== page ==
The objective of this project is to use tree swallows (Tachycineta bicolor) to understand the ecological risk posed by per- and polyfluoroalkyl substances (PFAS) at selected Department of Defense (DoD) sites in the mid-Atlantic region of the United States. There is a void, which this study will fill, on ecotoxicological effects of PFAS on birds, especially those with high exposure potential like aquatic insectivores. This project will include delineation of exposure pathways and quantifying effects, if any, on ecological receptors.
Due to tree swallows now being widely used to quantify distribution and effects of local surface water and sediment contamination, including PFAS, they are an ideal model species to use in this context. Study populations can be established at specific locations of interest by deploying nest boxes in suitable habitats. Because they feed near those nest boxes (within 400 meters (m)) on emergent aquatic insects, residues in their tissues reflect sediment contamination for bioavailable contaminants. They will nest relatively densely; therefore, adequate sample sizes can usually be obtained. Additionally, data are now available on exposure and effects of various contaminants including PFAS in tree swallows at >100 locations across North America.
Twenty tree swallow nest boxes will be attached to posts in proximity to suitable habitats at up to three DoD locations in the mid-Atlantic area. DoD locations will include former Naval Air Station (NAS) Joint Reserve Base Willow Grove (n = 3 sites), where swallow work is ongoing, and possibly Patuxent River NAS in Maryland and Joint Base McGuire in New Jersey. Similar to Willow Grove, DoD installations may need multiple sites to adequately characterize PFAS exposure, depending on the size and extent of the potential contamination. Boxes will be placed approximately 30 m apart, but this can vary depending on the structure of the habitat. As nesting is being initiated, nest boxes will be visited regularly (approximately weekly, but occasionally more often) and reproductive data collected according to standard operating procedures. Reproductive data will include the number of eggs laid, number that hatched, and number of fledglings. Reproductive data will be compiled using estimates of daily nest and egg survival. At appropriate times, a sample of eggs (1 or 2 per nest box) will be collected under appropriate federal and state permits for chemical analyses. Unhatched eggs may also be collected. The eggs will be stored in a refrigerator and then processed before being analyzed for a suite of contaminants by a contract laboratory (SGSAXYS, Inc.). Additionally, one or two 12-day-old nestlings will be collected from each nest box for analytical chemistry and a suite of bioindicator responses such as ethoxyresorufin-o-deethylase (detoxifying liver enzyme), thyroid hormone levels, oxidative stress measurements, and genetic damage assessments among others.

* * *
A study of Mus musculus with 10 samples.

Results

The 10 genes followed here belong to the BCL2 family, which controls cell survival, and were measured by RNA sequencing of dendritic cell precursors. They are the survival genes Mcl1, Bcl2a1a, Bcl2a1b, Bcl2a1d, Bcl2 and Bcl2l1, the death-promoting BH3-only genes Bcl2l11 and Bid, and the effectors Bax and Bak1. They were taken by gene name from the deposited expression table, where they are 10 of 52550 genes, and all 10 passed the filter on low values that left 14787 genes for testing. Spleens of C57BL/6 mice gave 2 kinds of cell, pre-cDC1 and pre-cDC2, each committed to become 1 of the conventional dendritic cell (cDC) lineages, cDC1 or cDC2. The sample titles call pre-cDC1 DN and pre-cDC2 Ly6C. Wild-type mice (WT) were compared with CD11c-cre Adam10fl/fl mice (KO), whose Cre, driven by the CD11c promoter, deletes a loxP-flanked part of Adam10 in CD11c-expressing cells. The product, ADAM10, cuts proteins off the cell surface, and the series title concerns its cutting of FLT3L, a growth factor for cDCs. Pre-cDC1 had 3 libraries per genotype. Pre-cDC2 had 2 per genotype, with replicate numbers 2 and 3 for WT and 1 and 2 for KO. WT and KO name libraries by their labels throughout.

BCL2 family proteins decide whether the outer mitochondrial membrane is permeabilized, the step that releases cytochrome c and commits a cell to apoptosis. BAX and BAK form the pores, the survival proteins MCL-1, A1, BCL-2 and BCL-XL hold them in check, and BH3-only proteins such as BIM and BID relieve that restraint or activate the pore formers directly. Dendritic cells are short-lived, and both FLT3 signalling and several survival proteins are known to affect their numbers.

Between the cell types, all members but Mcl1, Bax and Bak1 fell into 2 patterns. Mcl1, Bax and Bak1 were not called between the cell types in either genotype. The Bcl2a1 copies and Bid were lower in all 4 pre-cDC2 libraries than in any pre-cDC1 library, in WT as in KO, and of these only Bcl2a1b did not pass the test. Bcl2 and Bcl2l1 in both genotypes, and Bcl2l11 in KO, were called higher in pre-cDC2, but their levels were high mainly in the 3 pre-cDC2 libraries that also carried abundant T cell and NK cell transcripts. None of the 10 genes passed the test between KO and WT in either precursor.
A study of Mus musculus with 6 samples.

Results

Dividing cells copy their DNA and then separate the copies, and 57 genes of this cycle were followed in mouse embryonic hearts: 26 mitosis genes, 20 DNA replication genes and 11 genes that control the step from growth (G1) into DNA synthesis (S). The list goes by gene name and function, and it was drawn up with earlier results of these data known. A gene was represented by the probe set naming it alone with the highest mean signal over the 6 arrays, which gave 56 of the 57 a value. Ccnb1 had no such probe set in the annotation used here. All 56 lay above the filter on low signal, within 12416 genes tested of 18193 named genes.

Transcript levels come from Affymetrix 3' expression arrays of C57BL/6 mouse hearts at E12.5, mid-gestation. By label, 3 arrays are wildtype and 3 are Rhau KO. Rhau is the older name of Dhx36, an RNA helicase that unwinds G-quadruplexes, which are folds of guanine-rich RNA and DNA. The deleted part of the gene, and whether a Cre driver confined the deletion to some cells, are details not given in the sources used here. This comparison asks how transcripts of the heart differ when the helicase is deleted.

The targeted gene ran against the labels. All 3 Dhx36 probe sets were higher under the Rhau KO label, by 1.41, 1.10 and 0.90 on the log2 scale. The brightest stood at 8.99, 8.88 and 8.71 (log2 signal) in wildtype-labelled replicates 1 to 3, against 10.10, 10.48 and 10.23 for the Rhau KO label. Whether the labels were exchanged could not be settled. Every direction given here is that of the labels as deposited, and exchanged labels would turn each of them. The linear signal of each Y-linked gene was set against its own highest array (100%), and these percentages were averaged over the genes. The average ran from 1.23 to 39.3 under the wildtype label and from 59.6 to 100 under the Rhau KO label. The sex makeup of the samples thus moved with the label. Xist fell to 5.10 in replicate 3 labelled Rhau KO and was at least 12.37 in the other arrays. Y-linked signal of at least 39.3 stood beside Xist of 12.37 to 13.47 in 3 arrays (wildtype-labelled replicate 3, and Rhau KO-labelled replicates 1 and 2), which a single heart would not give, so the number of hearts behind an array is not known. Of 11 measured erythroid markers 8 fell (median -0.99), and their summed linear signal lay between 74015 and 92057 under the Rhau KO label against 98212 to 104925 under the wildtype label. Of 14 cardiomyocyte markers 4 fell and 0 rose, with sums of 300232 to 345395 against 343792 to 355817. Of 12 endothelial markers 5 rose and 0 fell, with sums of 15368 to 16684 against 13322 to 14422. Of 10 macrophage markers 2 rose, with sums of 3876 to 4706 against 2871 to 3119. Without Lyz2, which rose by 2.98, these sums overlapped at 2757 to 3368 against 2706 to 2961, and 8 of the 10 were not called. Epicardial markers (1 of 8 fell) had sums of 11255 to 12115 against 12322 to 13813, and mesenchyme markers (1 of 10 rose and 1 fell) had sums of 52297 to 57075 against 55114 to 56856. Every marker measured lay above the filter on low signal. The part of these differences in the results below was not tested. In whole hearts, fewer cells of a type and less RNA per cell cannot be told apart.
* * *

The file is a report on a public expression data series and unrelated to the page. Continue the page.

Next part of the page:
Perfluorinated substances (n = 33) will be analyzed in tree swallow tissues (eggs and nestling carcasses), as well as, in one or two composite stomach contents that represent what nestlings are being fed. The sampling targets will be 10 egg samples and 10 nestling samples per site. While PFAS are the primary chemical of concern, a small number nestling carcasses (5 per site) will also be analyzed for a standard suite of organochlorine contaminants, polychlorinated biphenyls and their livers analyzed for trace elements (n = 15) to understand exposure to other possible contaminants. A nearby reference location (Patuxent Wildlife Research Refuge, Laurel, Maryland), will also have samples analyzed for PFAS (n = 5 per matrix) for comparative purposes and to serve as the baseline for biomarker analyses. Two levels of effects will be assessed. At the population level, reproductive effects measured as percentage hatching and daily probability of nest success, will be assessed relative to PFAS and other contaminant exposure in eggs. Biomarker responses, which are indicative of whether exposure is enough to elicit a physiological response in individual birds, will be compared to normal responses as well as assessed relative to PFAS and other chemical exposures.
This study is scalable, and no-observed-adverse-effect level/lowest-observed-adverse-effect level results transferable to other DoD locations. The results will allow the DoD to further understand the ecological risk posed by PFAS to avian species in the mid-Atlantic region of the United States. Results will contribute to assessments of the health of the target ecosystems and will provide a baseline for future trend and/or geographic analyses at DoD locations.